The Forgetting Curve
Updated: Apr 30, 2020
We lose about 90% of the information we learn within a month. So you may be investing a lot of money into learning a new skill or training your workforce, when ultimately not much of the material is remembered. The brain tries to remember important information for survival, for example, if you accidentally touch a flame you automatically retract your hand. To retain other types of information we must persuade our brains that the information is worth remembering and thus overcome the forgetting curve.
Well-designed Simulations and Serious Games can be powerful learning tools because they effectively combat the forgetting curve. The forgetting curve, discovered by nineteenth-century German psychologist Hermann Ebbinghaus, explains some of the fundamental factors that can make learning and remembering difficult. He tested his memory by learning lists of nonsense syllables, such as “WID” and “DIF” and attempted to recall the syllables at particular points in time. Within a few days he had forgotten most of the information and therefore concluded that memory quickly decays.
Subsequently Ebbinghaus created the forgetting curve which shows the rate of forgetting after learning:
The curve is exponential in nature which means that memory sharply drops from 100% to below 50% in the first few days. Some psychologists say this drop can even occur within the first hour after learning.
The forgetting rate then continues to decline but at a slower rate.
Until it plateaus, which was discovered when Ebbinghaus remembered some syllables on one day and then recalled the same syllables on consecutive days.
The basic forgetting curve looks like this:
Factors affecting retention
The forgetting curve can be displayed by this equation:
R = e^(-t/s)
R – retention is how easily information can be recalled
t – time passed since the learning has occurred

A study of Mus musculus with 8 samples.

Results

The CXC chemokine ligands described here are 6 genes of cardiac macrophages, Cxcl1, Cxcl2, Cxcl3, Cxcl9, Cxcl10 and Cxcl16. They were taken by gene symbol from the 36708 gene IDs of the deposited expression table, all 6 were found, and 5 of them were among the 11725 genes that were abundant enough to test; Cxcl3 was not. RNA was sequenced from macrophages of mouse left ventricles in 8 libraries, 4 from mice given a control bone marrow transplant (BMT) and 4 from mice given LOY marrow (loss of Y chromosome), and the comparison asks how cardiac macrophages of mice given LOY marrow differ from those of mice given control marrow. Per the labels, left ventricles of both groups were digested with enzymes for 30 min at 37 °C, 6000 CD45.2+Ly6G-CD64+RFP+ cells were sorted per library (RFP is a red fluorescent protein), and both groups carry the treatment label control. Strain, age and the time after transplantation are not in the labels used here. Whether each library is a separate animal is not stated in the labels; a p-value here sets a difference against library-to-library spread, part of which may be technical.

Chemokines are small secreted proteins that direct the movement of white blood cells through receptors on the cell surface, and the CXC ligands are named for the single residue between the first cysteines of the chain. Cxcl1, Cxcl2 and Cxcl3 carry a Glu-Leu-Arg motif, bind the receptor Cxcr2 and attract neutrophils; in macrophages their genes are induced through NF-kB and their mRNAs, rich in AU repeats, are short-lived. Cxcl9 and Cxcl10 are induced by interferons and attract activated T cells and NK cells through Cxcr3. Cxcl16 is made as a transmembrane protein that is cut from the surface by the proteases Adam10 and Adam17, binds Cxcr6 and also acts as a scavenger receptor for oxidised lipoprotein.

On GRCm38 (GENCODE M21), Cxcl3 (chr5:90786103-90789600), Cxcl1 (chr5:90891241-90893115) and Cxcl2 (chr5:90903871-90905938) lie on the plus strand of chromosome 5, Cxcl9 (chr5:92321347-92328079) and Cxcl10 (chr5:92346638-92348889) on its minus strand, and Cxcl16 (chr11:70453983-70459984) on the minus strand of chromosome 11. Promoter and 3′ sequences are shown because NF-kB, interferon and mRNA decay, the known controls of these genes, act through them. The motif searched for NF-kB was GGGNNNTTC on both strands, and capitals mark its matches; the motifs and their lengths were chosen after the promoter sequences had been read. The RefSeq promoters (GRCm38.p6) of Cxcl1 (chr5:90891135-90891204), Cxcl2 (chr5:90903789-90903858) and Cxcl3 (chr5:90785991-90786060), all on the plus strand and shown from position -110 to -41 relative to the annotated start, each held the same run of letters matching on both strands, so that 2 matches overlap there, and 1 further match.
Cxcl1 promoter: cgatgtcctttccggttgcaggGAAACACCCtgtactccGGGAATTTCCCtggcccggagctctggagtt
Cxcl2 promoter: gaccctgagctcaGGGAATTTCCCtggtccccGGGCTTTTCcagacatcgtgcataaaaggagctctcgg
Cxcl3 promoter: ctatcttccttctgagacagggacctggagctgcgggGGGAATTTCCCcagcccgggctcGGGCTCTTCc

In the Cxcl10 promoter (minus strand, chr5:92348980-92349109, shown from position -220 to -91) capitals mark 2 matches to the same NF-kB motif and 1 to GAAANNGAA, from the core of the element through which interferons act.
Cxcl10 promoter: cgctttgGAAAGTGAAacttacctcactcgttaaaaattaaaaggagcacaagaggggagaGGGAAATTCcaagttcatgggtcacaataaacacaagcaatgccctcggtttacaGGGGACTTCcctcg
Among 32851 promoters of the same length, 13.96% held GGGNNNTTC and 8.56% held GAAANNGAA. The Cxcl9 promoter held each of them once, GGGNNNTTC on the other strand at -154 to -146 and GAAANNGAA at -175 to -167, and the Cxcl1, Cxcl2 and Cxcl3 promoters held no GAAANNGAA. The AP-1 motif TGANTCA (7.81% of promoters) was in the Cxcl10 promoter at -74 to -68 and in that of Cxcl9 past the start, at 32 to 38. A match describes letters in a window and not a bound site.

s – strength of memory
e – Euler’s number
Retention depends on:
The memory’s strength – stronger memories are easier for individuals to recall after longer periods of time compared to weaker memories. Individuals differ in their memories’ strengths.
How much time has passed since learning – people tend to forget 90% of what they have learned within a few weeks.
Rate of forgetting
The speed of forgetting information can be affected by numerous factors:
Complexity of the material – the more complicated information is, the quicker it will be forgotten
How the material is taught – for example, using visual aids, audio, essays, slideshows etc
How meaningful the information is – this is the extent you can link your learning to previously known concepts. The more relatable the information is, the slower the rate of forgetting
Physiological factors – such as, lack of sleep or hunger
Psychological factors – for example, stress or anxiety
By adding spaced repetitions of learning (i.e., relearning repeatedly over time, with gaps between the sessions), the forgetting curve can instead look something like this:
Unfortunately , little research has been done on the impact of Simulations and Serious Games on the forgetting curve. However, when we examine the various principles that underlie the forgetting curve, we can clearly see that Simulations and Serious Games are an ideal technology for maximizing learning retention.